The recent unexpected death of former Prime Minister Gen Prem Tinsulanonda – What?  Yes I know he was 98 but I would have put folding money on him reaching his century, wouldn’t you? As I was saying, the death of Gen Prem has had us reviewing the 1980s when he presided over a series of fractious coalitions in a system of semi-democracy or semi-dictatorship, take your pick.

And it’s déjà vu all over again.

A retired head of the army takes the top job without wasting time and effort on getting elected and plays off self-serving factions of old-style ‘influential person’ politicians, by dangling in front of their venal noses cabinet posts ranked strictly according to the potential for rake-offs.

Prem was good at it. Never bothered with belonging to a party himself. He just kept shuffling the coalition around to keep them in something like decent order and when the squabbling got too much, he called an election on them. It cost him nothing because he never ran. And after the election, there was no way any of the party leaders would be trusted by the others to serve as PM, so a delegation went cap in hand to Si Sao Theves. ‘Pa Prem please come back’.

So has all that ‘Reform before Election’ rhetoric come to this? Has Thai politics not moved on since 1980?

In some respects, it has. Thaksin has to be credited with introducing the novel idea of campaigning on a set of policies attractive to the electorate and the even more unprecedented idea of actually implementing them once he was in power. 

So all parties in the last election felt obliged to produce a wish list, from the predictable ‘increase the minimum wage’ to the more innovative ‘Grab weed’, though it seems that now they’re in power, well, we have to accommodate other parties’ policies and the economic situation doesn’t leave us much room for manoeuvre and excuse after excuse.

But in other respects, no, Thai politics is still stuck in the 80’s.  Look at the current cabinet line-up and count the ex-Pheu Thai and ex-Thai Rak Thai people.  The coup was supposed to eradicate the ‘Thaksin system’, not re-brand it.  And then count the out-and-out criminals among them.  How did this happen?

It’s because every major political player since Prem, including Thaksin, has been working from the same playbook – if you want votes, plug into the patron-client system. 

Now this concept, found pretty much all over SE Asia (well, outside the globalized urban elites), seems not to be understood by outsiders, judging by the ill-informed comments you keep hearing.  ‘If someone offers to buy your vote, then why doesn’t the Thai voter just take the money and then vote for the candidate they like?’ 

Because buying votes isn’t a simple capitalist transaction like buying your groceries from Big C.  It is embedded in a much more elaborate network of obligations and favours.  It’s to do with who turns up at grandma’s funeral with a welcome envelope, and who makes sure dad’s gang gets the job of repainting the school next term break, and who gets the son and heir off with a warning when 3 up, underage, pissed, and on a motorbike with no lights, he runs over someone’s chicken.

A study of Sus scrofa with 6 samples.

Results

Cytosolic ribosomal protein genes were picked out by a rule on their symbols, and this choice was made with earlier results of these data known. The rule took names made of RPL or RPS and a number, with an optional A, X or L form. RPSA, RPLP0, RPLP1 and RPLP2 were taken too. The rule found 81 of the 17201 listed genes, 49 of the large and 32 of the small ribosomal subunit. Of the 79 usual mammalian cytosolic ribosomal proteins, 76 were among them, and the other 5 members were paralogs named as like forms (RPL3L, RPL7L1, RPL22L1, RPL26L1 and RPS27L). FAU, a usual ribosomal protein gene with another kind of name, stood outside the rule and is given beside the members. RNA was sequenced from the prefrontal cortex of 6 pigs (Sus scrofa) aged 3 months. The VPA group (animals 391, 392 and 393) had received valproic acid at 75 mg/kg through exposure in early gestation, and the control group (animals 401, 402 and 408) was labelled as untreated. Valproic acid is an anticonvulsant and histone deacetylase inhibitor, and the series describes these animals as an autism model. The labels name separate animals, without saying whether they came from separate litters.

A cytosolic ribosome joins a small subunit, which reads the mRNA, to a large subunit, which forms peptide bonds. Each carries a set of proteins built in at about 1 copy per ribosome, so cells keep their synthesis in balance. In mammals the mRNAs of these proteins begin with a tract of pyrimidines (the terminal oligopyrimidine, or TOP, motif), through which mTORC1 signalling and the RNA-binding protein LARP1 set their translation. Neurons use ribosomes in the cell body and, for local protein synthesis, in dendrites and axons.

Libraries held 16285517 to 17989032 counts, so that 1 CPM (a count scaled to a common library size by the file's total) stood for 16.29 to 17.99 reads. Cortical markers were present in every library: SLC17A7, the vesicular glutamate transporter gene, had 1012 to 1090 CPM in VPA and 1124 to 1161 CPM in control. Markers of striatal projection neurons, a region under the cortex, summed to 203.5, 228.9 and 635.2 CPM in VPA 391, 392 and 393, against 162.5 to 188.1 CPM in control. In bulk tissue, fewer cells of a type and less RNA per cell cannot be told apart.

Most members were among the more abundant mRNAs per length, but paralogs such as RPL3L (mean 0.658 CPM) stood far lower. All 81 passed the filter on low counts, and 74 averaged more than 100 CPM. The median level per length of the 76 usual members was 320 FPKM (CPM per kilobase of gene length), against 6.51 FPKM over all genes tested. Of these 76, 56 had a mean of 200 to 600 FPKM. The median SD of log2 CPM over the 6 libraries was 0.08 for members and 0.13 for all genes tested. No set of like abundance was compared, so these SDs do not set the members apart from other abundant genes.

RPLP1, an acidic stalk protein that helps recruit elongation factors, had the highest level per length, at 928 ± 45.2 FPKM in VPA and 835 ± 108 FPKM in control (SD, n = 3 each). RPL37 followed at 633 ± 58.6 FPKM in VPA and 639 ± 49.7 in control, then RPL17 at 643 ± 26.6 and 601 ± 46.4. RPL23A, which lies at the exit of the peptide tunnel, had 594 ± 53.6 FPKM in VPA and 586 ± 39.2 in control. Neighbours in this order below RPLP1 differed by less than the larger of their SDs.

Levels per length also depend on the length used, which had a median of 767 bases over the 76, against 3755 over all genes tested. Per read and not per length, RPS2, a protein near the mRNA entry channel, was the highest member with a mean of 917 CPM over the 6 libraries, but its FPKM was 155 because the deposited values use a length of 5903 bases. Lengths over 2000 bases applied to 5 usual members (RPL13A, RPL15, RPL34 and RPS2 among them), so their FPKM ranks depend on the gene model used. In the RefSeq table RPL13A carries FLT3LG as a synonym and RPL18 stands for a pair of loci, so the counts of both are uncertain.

A payment at election time is not the price of a vote; it is a mutual exchange of benefits, resulting from and contributing to a richer, more comprehensive relationship.

Prayut (or more accurately the brains behind him) has been assiduously courting selected peak players in the patronage pyramids around the country.  These patrons in turn have their clients, who have their clients and down and down until you come to the last level of fixer, known as the hua khanaen.

Now here the gullible non-Thai might be forgiven for misunderstanding because the language becomes seriously misleading.  The local media call these people ‘canvassers’.  Cue images of selfless souls with leaflets and rehearsed lines of patter knocking on strangers’ doors. 

Nothing like it. The hua khanaen and the voters know each other.  The hua khanaen may have an official and otherwise benevolent status in the community, like teacher or monk, or maybe the other way - a moneylender, for example.  Patronage systems come in all shades of morality, hence the criminals in the cabinet.

Like them or not, every elected government for generations has been the work of hua khanaen.  So much so that many observers don’t see vote-buying as the real impediment to democracy in Thailand as much as the patronage system itself. 

But maybe not for long. There is reform, real reform, happening.  Maybe even a revolution.

Future Forward claim not to have used hua khanaen in the last election. Nor did they do that much by way of posters and leaflets. They invested heavily in social media and a theory of political change grounded in Gramsci.  And they won big. 

And when one constituency in Chiang Mai had to re-run the vote because the Election Commission threw a fit over the gift of a clock to a monk, they won even bigger, not just increasing their own vote many times, but actually taking away votes from parties like Prayut’s Palang Pracharat with their hua khanaen. And this was not an urban constituency with Facebook-addicted millennial new voters in every Starbucks.

Now when your policy platform includes trimming the military budget and scrapping conscription and challenging the impunity of the judiciary, you can expect the people who have been misgoverning this country for the past 5 years to get a bit sniffy.  But the Trump-sized onslaught of vitriol and harassment that has been directed against Future Forward has been way out of proportion.

Not so much because of their anti-privilege policies, perhaps, but because they have proved that electoral politics does not have to be dependent on the patron-client system. And when you’ve invested billions in precisely that system and your name is a general beginning with P, you’re going to have to do everything you can to stop them.